Caught in a trap?

3rd June 2005 at 01:00
Many people who work in schools are not teachers and, in pension terms at least, they probably wish they were. Susannah Kirkman reports

The main losers in the Government's move to raise the pension age will be low-paid women, such as classroom assistants, according to Unison, the public-sector union.

These women are already set to struggle in old age; low wages mean that the average occupational pension of members of the Local Government Pension Scheme is a mere pound;3,800 a year. "A common mistake that people make is to think that public-sector pension schemes are fantastic," said a Unison spokesperson. "In fact, many of our retired members are relying on means-tested benefits just to survive in retirement."

Nearly a quarter of female pensioners currently live in poverty, according to figures from the Department of Work and Pensions, but raising the pension age is set to force even more women into means-tested benefits, Unison says. If they have to work until 65 for unreduced retirement benefits, even fewer women will qualify for a full state pension, for instance.

"The generation of women who were expecting to receive a state pension at 60 is unlikely to work on until 65, yet those who are currently aged under 52 will face a considerable reduction in their state and occupational pensions if they can't manage to continue working," said Glyn Jenkins, head of pensions at Unison.

As it is, many women are already reluctant to pay into an occupational scheme because they cannot afford to. Typically, many female ancillary workers in education are only paid an hourly rate and receive no pay during the school holidays. Many full-time classroom assistants earn as little as pound;10,500 a year. Overall, Unison reckons that between 25 and 30 per cent of people eligible to contribute to the LGPS have opted out. In some areas, this figure is higher.

Paul Skillicorn, pensions review officer for council employees in Gwent, South Wales, says that only 67 per cent of local government workers take up the scheme in his area. He says that, although the LGPS offers good benefits, such as death in service grants and children's pensions, people sometimes don't see the point in contributing if they are facing a poverty trap in old age.

"If you are a classroom assistant earning between pound;10,000 and Pounds 15,000 and you only have 10 years in the scheme, because the Government's pension top-ups are means-tested, your occupational pension could take you out of the pension credit band," he said. In other words, saving may make you no better off.

"It will be extremely difficult for the many women with low earnings and periods out of the labour market, and those advising them, to decide whether saving will significantly increase their retirement income," warned Age Concern and the Fawcett Society in their response to the Government's pensions green paper.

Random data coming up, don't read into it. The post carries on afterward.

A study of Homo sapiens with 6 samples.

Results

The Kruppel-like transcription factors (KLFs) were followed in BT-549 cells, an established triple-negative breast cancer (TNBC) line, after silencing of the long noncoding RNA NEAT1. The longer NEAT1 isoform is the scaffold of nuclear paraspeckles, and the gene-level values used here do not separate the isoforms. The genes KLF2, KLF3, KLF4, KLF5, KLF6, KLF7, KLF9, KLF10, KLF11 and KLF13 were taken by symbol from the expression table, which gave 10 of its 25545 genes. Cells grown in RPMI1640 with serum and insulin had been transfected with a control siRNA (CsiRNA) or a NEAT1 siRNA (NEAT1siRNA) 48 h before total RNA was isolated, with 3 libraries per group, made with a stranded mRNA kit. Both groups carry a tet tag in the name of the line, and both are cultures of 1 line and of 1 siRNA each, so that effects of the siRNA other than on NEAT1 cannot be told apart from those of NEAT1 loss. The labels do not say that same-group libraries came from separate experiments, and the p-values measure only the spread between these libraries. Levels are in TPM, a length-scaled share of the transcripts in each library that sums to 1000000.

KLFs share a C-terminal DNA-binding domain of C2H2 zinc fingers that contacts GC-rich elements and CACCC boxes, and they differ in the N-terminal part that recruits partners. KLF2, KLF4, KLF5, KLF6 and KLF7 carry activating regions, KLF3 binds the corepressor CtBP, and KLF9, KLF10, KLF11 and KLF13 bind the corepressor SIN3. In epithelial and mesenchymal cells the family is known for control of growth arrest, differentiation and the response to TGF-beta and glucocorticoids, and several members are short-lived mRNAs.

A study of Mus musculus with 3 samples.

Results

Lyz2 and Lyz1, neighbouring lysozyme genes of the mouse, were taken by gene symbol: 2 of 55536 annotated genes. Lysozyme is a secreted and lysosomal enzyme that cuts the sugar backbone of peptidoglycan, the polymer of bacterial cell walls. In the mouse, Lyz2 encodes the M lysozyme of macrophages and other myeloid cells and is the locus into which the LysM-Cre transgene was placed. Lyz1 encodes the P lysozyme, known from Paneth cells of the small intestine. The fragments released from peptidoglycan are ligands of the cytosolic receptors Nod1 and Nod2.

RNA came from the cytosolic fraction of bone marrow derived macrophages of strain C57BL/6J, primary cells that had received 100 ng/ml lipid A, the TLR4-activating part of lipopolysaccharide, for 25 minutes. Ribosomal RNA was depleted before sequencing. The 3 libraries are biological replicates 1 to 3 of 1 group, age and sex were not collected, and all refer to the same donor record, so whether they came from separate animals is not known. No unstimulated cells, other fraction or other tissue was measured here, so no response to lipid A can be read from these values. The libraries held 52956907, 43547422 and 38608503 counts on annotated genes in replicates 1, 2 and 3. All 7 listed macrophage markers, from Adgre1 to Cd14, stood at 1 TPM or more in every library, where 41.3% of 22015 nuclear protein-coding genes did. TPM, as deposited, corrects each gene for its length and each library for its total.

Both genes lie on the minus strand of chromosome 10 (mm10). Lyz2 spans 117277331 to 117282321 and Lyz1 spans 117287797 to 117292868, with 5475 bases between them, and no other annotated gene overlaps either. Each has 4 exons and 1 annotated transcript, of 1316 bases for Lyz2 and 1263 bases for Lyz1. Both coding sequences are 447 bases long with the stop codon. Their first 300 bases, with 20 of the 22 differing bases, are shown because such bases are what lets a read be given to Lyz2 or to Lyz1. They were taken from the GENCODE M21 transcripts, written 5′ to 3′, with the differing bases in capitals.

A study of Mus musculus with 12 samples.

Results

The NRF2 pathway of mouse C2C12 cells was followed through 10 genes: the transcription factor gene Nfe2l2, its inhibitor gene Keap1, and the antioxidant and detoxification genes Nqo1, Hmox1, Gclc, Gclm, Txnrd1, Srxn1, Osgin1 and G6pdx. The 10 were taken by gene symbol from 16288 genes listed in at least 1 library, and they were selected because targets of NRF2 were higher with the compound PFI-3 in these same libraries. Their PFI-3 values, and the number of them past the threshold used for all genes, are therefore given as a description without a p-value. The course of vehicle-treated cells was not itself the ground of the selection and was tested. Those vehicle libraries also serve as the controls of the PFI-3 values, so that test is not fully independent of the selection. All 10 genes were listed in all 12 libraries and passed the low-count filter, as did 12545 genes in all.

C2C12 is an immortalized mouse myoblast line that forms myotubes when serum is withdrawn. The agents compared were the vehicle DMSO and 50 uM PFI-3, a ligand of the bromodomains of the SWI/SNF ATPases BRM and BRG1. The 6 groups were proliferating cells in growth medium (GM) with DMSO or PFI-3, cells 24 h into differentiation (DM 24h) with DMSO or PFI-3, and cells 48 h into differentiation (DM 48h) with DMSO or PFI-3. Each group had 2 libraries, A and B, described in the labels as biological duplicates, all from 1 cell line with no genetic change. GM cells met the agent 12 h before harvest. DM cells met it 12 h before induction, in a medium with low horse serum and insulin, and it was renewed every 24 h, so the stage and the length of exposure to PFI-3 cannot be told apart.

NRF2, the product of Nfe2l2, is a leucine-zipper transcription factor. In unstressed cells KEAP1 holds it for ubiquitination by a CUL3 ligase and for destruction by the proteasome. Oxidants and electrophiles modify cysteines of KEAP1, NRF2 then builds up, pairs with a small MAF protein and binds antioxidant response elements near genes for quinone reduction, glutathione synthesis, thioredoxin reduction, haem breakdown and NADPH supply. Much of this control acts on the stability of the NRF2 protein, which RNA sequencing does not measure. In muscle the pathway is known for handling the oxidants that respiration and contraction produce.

The pension credit is intended to be a reward for savings and although most people entitled to the benefit will be better off because they have saved, they will still lose at least 40 pence for every pound saved. The complicated interaction between pension credit, housing benefit and council tax benefit means that some will lose more than 90 pence in the pound.

Unison feels that forcing women to work on until 65 will make the current situation worse. The most unpopular change proposed for the LGPS is the abolition of the "rule of 85", which allowed people whose years of pensionable service and age amounted to 85 to take early retirement without any reduction in their pension, if their employer allowed them to go.

Someone aged 52 with 33 years' service, for instance, could retire on a full pension.

Local government employers argue that increased longevity means that they cannot afford to fund the scheme any longer without massive rises in council tax; some employers are already paying 20 per cent in contributions to employees' pensions.

But following a threatened strike by public-sector workers in March, the Government has withdrawn its original proposals and has promised to set up a new negotiating forum to discuss the LGPS. Whatever the future of the scheme, Age Concern and the Fawcett Society believe that the financial security of women in old age could best be achieved by improvements to the state pension. They would like to see significant changes such as the abolition of the 25 per cent rule, which means that anyone who has paid fewer than 10 years of full national insurance contributions receives no pension at all.

Another recommendation is to reduce the number of contribution years needed for a full state pension. Currently, a full pension requires the payment of NI contributions for 90 per cent of the working life, another rule which discriminates against the large number of women with interrupted employment records.

Age Concern and the Fawcett Society are also pushing for a more flexible system of pension credits for women who are carers. They would like to see credits available to women who combine caring with part-time work, for example, and would like home responsibilities protection, which pays state pensions contributions, to be available on a month-by-month instead of a yearly basis.

Currently, a woman who has a baby at the end of April does not receive home responsibilities protection for that year as she only has 11 qualifying months. Above all, they say, unpaid work in later life, such as caring for grandchildren or elderly relatives and community and voluntary work, should be recognised as a social and economic contribution and not be penalised.